Although there are six gas pipelines that supply natural gas to the New England region, there is limited pipeline capacity to deliver low-cost Marcellus and Canadian gas supplies to New England because the region is at the “end of the pipeline.” As gas demand has risen, pipeline capacity has remained static and become constrained, particularly during cold winter months. Whereas ten years ago pipeline deliverability to the region was only constrained a few days a year, last year capacity on some pipelines was at 100% during the coldest winter days. The constraint has restricted gas flows, increased competition for supply and led to higher gas prices for consumers. The only viable solution to increase gas supply, thereby lowering gas prices, is through the construction of new gas pipelines to New England.
The relatively low price of domestic gas, its environmental benefits and the shutdown of regional coal plants has increased demand, further adding to the constraints that the pipeline transmission system can accommodate. Consequently, the natural gas pipeline system in New England has not kept pace with the increase in demand, the declines in the Canadian offshore gas fields, and new regional gas sources.
In response to these changing market conditions and supply/demand imbalance, the New England Governors has jointly proposed additional pipelines to the region that would increase natural gas supplies by about 1 Bcfd. Studies have indicated that an additional 1Bcfd of natural gas would be needed to bring the costs of natural gas in New England in line with adjacent areas of the country.
Why LNG Exports Helps Lower New England Gas Prices
The construction of a new gas pipeline to New England requires customers who are willing to commit to long-term 20-year gas pipeline capacity contracts. This obligates the customer to buy the same quantity of pipeline capacity every day for 20 years, regardless of their gas demand requirements. There are few such customers in the region that can financially commit to such a contract.
Only customers with a firm consistent gas supply requirement, such as industrial customers, or those with the ability to pass through pipeline capacity charges can commit to such contract terms. In New England, only local gas companies, such as a Bangor Gas or NSTAR, have been able to fulfill these conditions. Significant industrial load is non-existent in New England and power producers are unable to pass on pipeline capacity costs to their power customers due to regulatory restrictions. As a result power producers instead buy gas priced on a spot basis that is often very expensive during cold winter days. Higher spot gas prices are a principal reason why New England power prices are among the highest in the US.
In comparison, an LNG export project can commit to a long-term gas pipeline capacity contract as LNG export volumes are also sold through a 20-year agreement. The commitment by Downeast LNG to buy 300 million cubic feet per day (mmcfd) of pipeline capacity, together with the commitment by local gas companies, will support the construction of additional pipeline capacity to the region increasing gas supply, liquidity and lowering gas prices. The new pipeline capacity will be additive to current capacity and will not reduce the availability of gas pipeline capacity for current consumers. Most importantly the construction of new pipeline capacity is typically oversized and is expandable with the addition of compression. Customers will have another supply option from which to buy short-term or interruptible gas.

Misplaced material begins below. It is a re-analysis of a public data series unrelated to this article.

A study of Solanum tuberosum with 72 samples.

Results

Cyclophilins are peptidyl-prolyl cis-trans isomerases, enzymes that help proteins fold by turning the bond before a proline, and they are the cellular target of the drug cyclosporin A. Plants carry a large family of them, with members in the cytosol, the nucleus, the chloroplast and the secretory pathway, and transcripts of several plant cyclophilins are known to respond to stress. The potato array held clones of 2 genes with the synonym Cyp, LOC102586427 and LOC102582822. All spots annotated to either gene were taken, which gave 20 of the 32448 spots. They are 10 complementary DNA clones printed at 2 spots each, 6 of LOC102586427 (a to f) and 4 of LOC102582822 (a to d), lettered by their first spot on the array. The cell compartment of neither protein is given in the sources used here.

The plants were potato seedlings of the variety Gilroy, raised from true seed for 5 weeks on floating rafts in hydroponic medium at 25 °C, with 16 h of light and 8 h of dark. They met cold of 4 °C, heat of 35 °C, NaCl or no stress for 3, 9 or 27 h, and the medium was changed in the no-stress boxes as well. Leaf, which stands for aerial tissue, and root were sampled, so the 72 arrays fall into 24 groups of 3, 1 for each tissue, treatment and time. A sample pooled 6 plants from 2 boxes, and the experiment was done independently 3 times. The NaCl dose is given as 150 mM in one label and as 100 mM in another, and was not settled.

Downeast LNG Gas Requirements and Capacity Release
Downeast LNG customers will also contract to buy 300 mmcfd of firm US or Canadian sourced gas supply to fulfill feedgas and energy requirements for the terminal, using firm gas pipeline capacity to transport gas to the terminal. Downeast LNG will contract for 300 mmcfd of firm gas pipeline capacity, as noted above. Downeast LNG further commits to release up to 20 days of pipeline capacity annually to New England consumers, thereby increasing gas supply and reducing high winter spot gas prices in the region on the coldest winter days. Downeast LNG will create a FERC-approved auction mechanism to sell as much as 200 mmcfd of gas. Power producers and other consumers in need of short-term gas supply will thus have an additional supply option.
If required in the future due to changing market conditions, the bi-directional design of the Downeast LNG terminal allows the facility to reverse flow and provide natural gas to the pipeline transmission system during the winter peak demand months, alleviating shortages and helping to reduce costs to consumers. In effect, the Downeast LNG Terminal could serve as a major peak shaving facility during the peak winter demand months. Should New England market conditions dictate, the terminal has the capability of importing and revaporizing imported LNG for use by New England consumers.
The Project could serve as a peaking gas resource to help manage this regional demand, especially given the absence of significant regional natural gas storage. The Project will also enable the delivery of gas to isolated New England markets in need of supply. Moreover, the bi-directional nature of the project will help ensure that should current market conditions of oversupply change in the future, there will be a means for importing and revaporizing foreign-sourced LNG for consumption in U.S. markets.